This week, the Appellate Court of Illinois, Second District, issued its decision in Grede v. Hamer, holding that an individual was not an Illinois resident, notwithstanding the fact that the individual had not abandoned his Illinois domicile for the tax years at issue.1 Reed Smith’s state tax attorneys represented the taxpayers in Grede.
Under the Illinois Income Tax Act ("IITA"),2 an individual is an Illinois resident if the individual is present in Illinois for other than a "temporary or transitory purpose" during the tax year, or if the individual is "domiciled" in Illinois but is absent from the state for a temporary or transitory purpose. If an individual leaves Illinois for other than a temporary or transitory purpose, or if an individual establishes domicile elsewhere, then he or she ceases to be an Illinois resident. Reed Smith successfully litigated the question of abandonment of domicile in Cain, another Appellate Court case, which was decided last year.3 Grede addresses the other basis for residency under the IITA, the "other than a temporary or transitory purpose" test.
Grede involved Mr. Grede, a married individual, with a son and daughter, who lived and worked in Illinois until 2000. In 2000, Mr. Grede accepted a job offer with the Hong Kong Exchange ("HKEX"), and moved to Hong Kong. His initial employment contract was for a three-year period. However, HKEX’s common practice was to renew employment with employees at Mr. Grede’s level. Mr. Grede applied for and received an employment visa to work in Hong Kong, rented an apartment, opened a bank account, and obtained a Hong Kong identity card. He also terminated the lease on his car in Illinois, changed his status at social clubs to non-resident, and joined social clubs in Hong Kong.
As part of his incentive package with HKEX, Mr. Grede was entitled to receive stock options once HKEX went public. These options were subject to a vesting period of 10 years, culminating in May 2010. During his employment, Mr. Grede was offered and accepted another position within HKEX and intended to continue to negotiate for contract extensions.
Mr. Grede’s contract was not renewed after March 2003, and Mr. Grede returned to the United States in June 2003. Mr. Grede’s wife and their two children remained in Illinois for most of the time that Mr. Grede was working and living in Hong Kong.
Mr. Grede filed his 2001 Illinois income tax return as a non-resident married individual, filing separately. He did not file an Illinois return for 2002, nor for the portion of 2003 prior to his return from Hong Kong. Mrs. Grede filed her 2001 and 2002 returns as married, filing separately, and for property tax purposes, she claimed a homestead tax exemption for the Illinois house that she co-owned with Mr. Grede. The Gredes filed a joint 2003 return, with Mr. Grede as a part-year resident for the period after he returned from Hong Kong.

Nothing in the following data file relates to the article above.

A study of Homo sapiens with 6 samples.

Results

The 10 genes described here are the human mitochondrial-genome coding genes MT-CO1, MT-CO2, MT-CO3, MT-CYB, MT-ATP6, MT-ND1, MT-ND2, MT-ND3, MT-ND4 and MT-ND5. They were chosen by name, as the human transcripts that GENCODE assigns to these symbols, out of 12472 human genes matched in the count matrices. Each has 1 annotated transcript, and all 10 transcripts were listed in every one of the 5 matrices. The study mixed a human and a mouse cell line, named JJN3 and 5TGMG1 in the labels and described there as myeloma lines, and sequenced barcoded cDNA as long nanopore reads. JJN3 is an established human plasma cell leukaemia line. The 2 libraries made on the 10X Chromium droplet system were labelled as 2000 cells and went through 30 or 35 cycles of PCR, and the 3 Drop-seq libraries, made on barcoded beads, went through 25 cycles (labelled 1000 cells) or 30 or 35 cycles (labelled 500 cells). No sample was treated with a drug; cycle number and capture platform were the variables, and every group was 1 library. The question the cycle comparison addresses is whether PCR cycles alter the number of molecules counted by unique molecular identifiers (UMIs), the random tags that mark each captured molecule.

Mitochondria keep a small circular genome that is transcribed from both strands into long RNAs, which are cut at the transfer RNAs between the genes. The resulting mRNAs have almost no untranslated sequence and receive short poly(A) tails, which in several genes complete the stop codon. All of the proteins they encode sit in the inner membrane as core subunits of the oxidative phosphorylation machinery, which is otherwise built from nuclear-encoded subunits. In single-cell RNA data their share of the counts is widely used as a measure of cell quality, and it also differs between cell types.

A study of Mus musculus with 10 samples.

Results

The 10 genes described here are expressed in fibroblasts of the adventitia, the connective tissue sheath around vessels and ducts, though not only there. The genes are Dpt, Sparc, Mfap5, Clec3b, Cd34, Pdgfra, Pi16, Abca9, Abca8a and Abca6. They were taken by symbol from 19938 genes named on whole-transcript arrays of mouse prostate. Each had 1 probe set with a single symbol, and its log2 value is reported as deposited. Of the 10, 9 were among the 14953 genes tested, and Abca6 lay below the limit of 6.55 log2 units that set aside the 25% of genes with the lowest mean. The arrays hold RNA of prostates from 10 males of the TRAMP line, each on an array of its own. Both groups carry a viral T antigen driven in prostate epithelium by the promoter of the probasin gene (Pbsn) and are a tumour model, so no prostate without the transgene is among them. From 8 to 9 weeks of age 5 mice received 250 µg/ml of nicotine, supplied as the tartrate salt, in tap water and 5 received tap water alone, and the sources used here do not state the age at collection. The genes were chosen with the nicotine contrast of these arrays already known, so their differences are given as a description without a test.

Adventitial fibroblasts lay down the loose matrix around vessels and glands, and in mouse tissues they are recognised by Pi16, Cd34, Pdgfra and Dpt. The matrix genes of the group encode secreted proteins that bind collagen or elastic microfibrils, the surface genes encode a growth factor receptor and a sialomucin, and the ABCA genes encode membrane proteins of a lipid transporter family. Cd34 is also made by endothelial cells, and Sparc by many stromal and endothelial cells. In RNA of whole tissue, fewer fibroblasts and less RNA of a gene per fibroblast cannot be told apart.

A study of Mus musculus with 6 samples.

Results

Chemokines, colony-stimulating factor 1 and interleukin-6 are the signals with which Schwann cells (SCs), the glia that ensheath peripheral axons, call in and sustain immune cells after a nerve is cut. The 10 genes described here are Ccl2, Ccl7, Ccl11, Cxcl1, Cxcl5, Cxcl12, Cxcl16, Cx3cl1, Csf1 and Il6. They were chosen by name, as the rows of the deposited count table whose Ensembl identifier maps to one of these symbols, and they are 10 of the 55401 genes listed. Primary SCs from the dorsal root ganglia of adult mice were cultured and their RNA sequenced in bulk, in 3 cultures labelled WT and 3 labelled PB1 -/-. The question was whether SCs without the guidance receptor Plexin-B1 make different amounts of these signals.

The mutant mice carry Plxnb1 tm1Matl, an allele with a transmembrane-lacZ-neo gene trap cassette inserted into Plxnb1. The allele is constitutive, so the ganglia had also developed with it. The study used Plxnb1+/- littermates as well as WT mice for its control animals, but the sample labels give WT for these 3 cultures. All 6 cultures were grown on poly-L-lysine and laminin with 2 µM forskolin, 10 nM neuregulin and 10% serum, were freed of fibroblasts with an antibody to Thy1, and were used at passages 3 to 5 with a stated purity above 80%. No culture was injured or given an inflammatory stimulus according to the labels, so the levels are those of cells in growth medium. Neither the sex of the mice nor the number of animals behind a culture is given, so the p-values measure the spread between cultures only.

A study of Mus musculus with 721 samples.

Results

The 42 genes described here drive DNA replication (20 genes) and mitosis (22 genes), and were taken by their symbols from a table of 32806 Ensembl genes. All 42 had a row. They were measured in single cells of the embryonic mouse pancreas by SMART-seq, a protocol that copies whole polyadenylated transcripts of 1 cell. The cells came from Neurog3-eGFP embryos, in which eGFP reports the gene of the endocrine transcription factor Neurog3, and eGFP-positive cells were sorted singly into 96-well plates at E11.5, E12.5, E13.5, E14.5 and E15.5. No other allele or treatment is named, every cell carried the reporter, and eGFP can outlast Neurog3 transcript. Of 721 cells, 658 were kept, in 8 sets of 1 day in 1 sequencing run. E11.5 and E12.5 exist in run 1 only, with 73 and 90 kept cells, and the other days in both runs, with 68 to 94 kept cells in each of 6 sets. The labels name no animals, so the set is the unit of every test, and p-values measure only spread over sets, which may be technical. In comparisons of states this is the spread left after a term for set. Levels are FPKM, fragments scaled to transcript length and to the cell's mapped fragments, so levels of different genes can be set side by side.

The Department challenged Mr. Grede’s claim of non-resident status for the period 2001 through June 2003 and ruled against him in an administrative hearing. It concluded that his intentions were reflected by the three-year term of his original employment contract with HKEX. For 2003, the year of his return, the Department ruled that his filing of a joint return with his wife precluded claiming a non-resident status for any portion of the year.
The Trial Court reversed the Department’s decision as "against the manifest weight of the evidence," finding that Mr. Grede’s intent while he was living in Hong Kong was to remain there on a permanent basis.
The Appellate Court reversed the decision of the Trial Court. It concluded that Mr. Grede did not change his domicile from Illinois to Hong Kong because he had significant connections to Illinois, including immediate family, a home, a driver’s license, and voting. However, it also concluded that "domicile is not dispositive of an individual’s residency." In particular, the Appellate Court found persuasive the evidence that showed that Mr. Grede moved to Hong Kong because of the long-term incentives offered by HKEX, including the stock options. While the Department argued that the three-year employment contract was evidence that the employment would not last indefinitely or permanently, the court held that "[i]t was not the language of the contract that controlled, but rather [Mr. Grede’s] intent."
The Appellate Court also addressed the Department’s argument that the Gredes could not claim Mr. Grede was a non-resident because Mrs. Grede claimed the homestead exemption for the Illinois house. The court pointed out that Mrs. Grede co-owned the house and her name was listed on the tax bills. The house was Mrs. Grede’s primary residence during the years in question, making her eligible to claim the homestead exemption.
Finally, the Appellate Court addressed the question of whether the joint return filed for the latter part of 2003 precluded Mr. Grede from being classified as a non-resident for the earlier portion of the year. The court concluded that for 2003, Mr, Grede was a part-year resident, a status recognized by the IITA and, thus, his part-year filing for 2003 was proper.
The Department has 35 days to request that the Illinois Supreme Court review the Grede decision. Reed Smith will provide further updates if the court exercises its discretion and allows an appeal.
If you have questions about the Grede decision or other Illinois residency issues, please contact the authors of this article, or the Reed Smith lawyer with whom you usually work. For more information on Reed Smith's Illinois tax practice, visit http://www.reedsmith.com/iltax.
1. 2013 Ill. App. (2d) 120731-U. The decision in Grede is a Rule 23 Order, meaning it will not be published and may not be cited as precedent.
2. 35 ILCS 5/101 et seq.
3. Cain v. Hamer, 2012 Ill. App. (1st) 112833.